Every single currency is walking around with a death sentence…

Dear Reader,

While the American corporate-owned mainstream media has been completely ignoring it, one country after another has been taking steps to divest themselves of their U.S. dollar holdings.

Examining it more closely, we might even start to connect the dots and conclude that there’s a coordinated effort among these nations to dethrone the dollar as the world’s reserve currency.

Whether this is a good or bad thing largely depends upon whom you’re asking and what region of the planet they’re on. For the most part, the only real beneficiary of the dollar’s hegemony is the United States; most other nations would be more than happy to see the dollar lose its high-and-mighty status.

As we would expect, the government and the U.S. Federal Reserve have no interest in keeping the citizens informed of this phenomenon, and they’ll do everything in their power to maintain the narrative that the dollar (and therefore the economy) will be just fine. Richly compensated corporate media outlets will all fall in line, spinning a tale of dollar strength and longevity.

They have their agendas, but they’re vastly outnumbered by the international financial community, which has no particular interest in perpetuating the dominance of the dollar. It’s actually quite amazing that the U.S. dollar has remained the world’s reserve currency for as long as it has: America’s military might and relative economic prosperity have kept the current arrangement going for a surprisingly long time.

But that arrangement is vanishing before our very eyes, even if some stakeholders refuse to acknowledge it. Leading the anti-dollar revolution is China, the second-largest world economy and the owner of more U.S. debt than any other nation. Theoretically speaking, if China demanded payment on all of its American debt right now, it would cause an economic crisis worse than the Great Recession.

China isn’t particularly interested in throwing the world into a financial crisis, but they’re gladly relieving themselves of American dollars, starting with a plan to replace the petro-dollar with the petro-yuan. China already launched its yuan-denominated oil futures contracts earlier this year, and now they’re “sweetening the pot by offering swap facilities to local countries to promote the use of the yuan,” according to Stephen Innes, Head of FX Trading for OANDA in Asia Pacific.


    Whether it’s the yuan, euro, or another currency that turns out to be the dollar’s number-one competitor in the coming year, one thing is evident: the international markets will not tolerate the price of oil being pegged to the greenback for much longer.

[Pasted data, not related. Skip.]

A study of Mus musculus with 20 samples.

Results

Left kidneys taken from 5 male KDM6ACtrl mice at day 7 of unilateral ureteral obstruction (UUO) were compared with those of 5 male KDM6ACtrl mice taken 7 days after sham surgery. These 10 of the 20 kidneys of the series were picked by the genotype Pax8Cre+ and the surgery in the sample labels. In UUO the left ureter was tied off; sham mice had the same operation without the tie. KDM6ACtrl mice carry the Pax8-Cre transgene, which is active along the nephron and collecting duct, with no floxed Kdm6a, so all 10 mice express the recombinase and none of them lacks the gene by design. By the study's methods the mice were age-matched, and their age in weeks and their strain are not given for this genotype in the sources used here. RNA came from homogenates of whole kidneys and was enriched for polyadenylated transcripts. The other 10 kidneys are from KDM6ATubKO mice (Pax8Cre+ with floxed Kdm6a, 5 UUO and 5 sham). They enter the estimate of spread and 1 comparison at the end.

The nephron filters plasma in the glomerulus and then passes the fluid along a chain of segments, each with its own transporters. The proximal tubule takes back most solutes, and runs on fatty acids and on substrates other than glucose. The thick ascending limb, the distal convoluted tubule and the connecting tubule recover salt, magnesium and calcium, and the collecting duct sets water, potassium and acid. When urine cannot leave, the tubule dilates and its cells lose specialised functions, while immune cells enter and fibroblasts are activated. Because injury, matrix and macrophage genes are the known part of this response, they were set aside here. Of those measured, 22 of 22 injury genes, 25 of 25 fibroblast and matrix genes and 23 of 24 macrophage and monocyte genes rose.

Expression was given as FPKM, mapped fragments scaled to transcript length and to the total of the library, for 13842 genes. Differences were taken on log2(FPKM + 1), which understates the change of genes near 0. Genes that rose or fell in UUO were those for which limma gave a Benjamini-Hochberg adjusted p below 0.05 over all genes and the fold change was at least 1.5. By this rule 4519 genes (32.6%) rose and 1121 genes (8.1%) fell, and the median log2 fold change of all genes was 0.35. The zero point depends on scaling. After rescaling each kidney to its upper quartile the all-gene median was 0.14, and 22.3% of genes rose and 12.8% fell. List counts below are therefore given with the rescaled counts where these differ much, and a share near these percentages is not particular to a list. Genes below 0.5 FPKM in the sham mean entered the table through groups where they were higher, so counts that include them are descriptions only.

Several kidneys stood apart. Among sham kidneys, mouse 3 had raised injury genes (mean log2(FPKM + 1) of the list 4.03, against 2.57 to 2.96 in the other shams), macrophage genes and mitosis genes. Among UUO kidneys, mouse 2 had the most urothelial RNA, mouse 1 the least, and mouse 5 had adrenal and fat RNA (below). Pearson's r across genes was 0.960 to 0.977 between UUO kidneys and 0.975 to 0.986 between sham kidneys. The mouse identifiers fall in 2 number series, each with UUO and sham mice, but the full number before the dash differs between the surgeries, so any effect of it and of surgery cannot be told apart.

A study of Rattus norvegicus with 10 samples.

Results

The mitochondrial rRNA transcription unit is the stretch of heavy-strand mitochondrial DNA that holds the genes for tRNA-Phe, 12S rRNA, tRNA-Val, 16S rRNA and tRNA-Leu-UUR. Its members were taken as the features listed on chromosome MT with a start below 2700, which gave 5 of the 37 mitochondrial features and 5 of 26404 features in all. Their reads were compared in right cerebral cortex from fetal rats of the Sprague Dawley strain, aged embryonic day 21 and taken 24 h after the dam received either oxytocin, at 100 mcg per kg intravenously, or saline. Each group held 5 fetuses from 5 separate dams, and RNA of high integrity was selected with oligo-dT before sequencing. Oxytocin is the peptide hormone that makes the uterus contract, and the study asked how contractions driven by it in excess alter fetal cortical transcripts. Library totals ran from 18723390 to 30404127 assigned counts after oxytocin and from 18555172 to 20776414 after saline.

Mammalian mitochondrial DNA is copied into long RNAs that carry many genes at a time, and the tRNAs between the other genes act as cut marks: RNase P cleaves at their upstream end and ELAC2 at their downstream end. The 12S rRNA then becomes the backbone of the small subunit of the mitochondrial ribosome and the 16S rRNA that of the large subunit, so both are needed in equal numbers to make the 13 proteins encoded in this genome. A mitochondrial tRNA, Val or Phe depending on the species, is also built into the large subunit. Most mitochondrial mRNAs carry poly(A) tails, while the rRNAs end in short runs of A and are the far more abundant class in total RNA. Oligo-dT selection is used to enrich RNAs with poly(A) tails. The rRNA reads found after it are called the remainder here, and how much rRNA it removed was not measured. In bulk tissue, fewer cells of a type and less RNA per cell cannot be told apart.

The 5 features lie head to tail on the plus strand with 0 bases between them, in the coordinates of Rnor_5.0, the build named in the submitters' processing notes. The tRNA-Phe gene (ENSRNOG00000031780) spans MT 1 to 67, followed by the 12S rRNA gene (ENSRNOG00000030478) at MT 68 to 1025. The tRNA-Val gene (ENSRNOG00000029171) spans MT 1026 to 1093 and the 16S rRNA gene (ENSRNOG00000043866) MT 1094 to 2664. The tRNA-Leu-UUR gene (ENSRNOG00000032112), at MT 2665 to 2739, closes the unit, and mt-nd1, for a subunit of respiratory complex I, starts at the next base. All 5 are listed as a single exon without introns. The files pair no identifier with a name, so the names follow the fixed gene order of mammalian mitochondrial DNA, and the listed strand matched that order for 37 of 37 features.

Meanwhile, India recently made its own move towards independence from dollar dominance when it was announced that a contract between Moscow and New Delhi for supplies of Russian S-400 air defense systems would be settled in rubles.

    In addition to the deal with India, Russia has taken a number of measures to reduce its dependence on the U.S. dollar, including cutting its U.S. bond holdings down to $14.4 billion from $96.1 billion in September; also, in late November, the Russian Finance Ministry reported that it had issued 1 billion euros (equivalent to $1.13 billion) worth of seven-year bonds with a yield of 3%.

    Russian President Vladimir Putin has made no bones about his country’s dumpage of the dollar, recently exclaiming that Russia does “not have the goal to move away from the dollar – we are forced to do this. Let me assure you, we will do this… We are not leaving the dollar; the dollar is leaving us.” Turkey appears to be siding with Russia, as the nation has followed suit in dumping large portions of its U.S. debt holdings.

    But the most immediate threat still comes from Asia, with China slashingits share of U.S. Treasuries by nearly $14 billion and Japan’s holdingsfalling to their lowest levels since October of 2011. This, as we all know, comes at a time when trade tensions between the U.S. and China are running at a fever pitch.

    The likely ramifications of continued dollar dumpage are manifold. The days of Americans being able to use their favored currency anywhere in the world will be a distant memory. Interest rates on U.S. Treasuries will most assuredly go up, wreaking havoc on current bond holders, as well as the stock market.

    The greatest impact of global de-dollarization, however, will be hyperinflation and a substantial devaluation of the dollar – something America is absolutely unprepared for. The U.S. dollar losing its world reserve status will have profound implications on the economy and the standard of living that we’ve become accustomed to.

    That’s a deeply disconcerting thought, but we’re not far from seeing it become a stark reality as world citizens and governments grow weary of the dollar ruling the global financial regime. What I will say on the matter, therefore, is prepare yourself now – big changes are coming, as the almighty dollar won’t be mighty for much longer.

    Get ready because I think gold is going to end up being one of the hottest investments for 2019!

    Best Regards,

    Daniel Ameduri

      This work is based on SEC filings, current events, interviews, corporate press releases and what we’ve learned as financial journalists. It may contain errors and you shouldn’t make any investment decision based solely on what you read here. It’s your money and your responsibility. The information herein is not intended to be personal legal or investment advice and may not be appropriate or applicable for all readers. If personal advice is needed, the services of a qualified legal, investment or tax professional should be sought.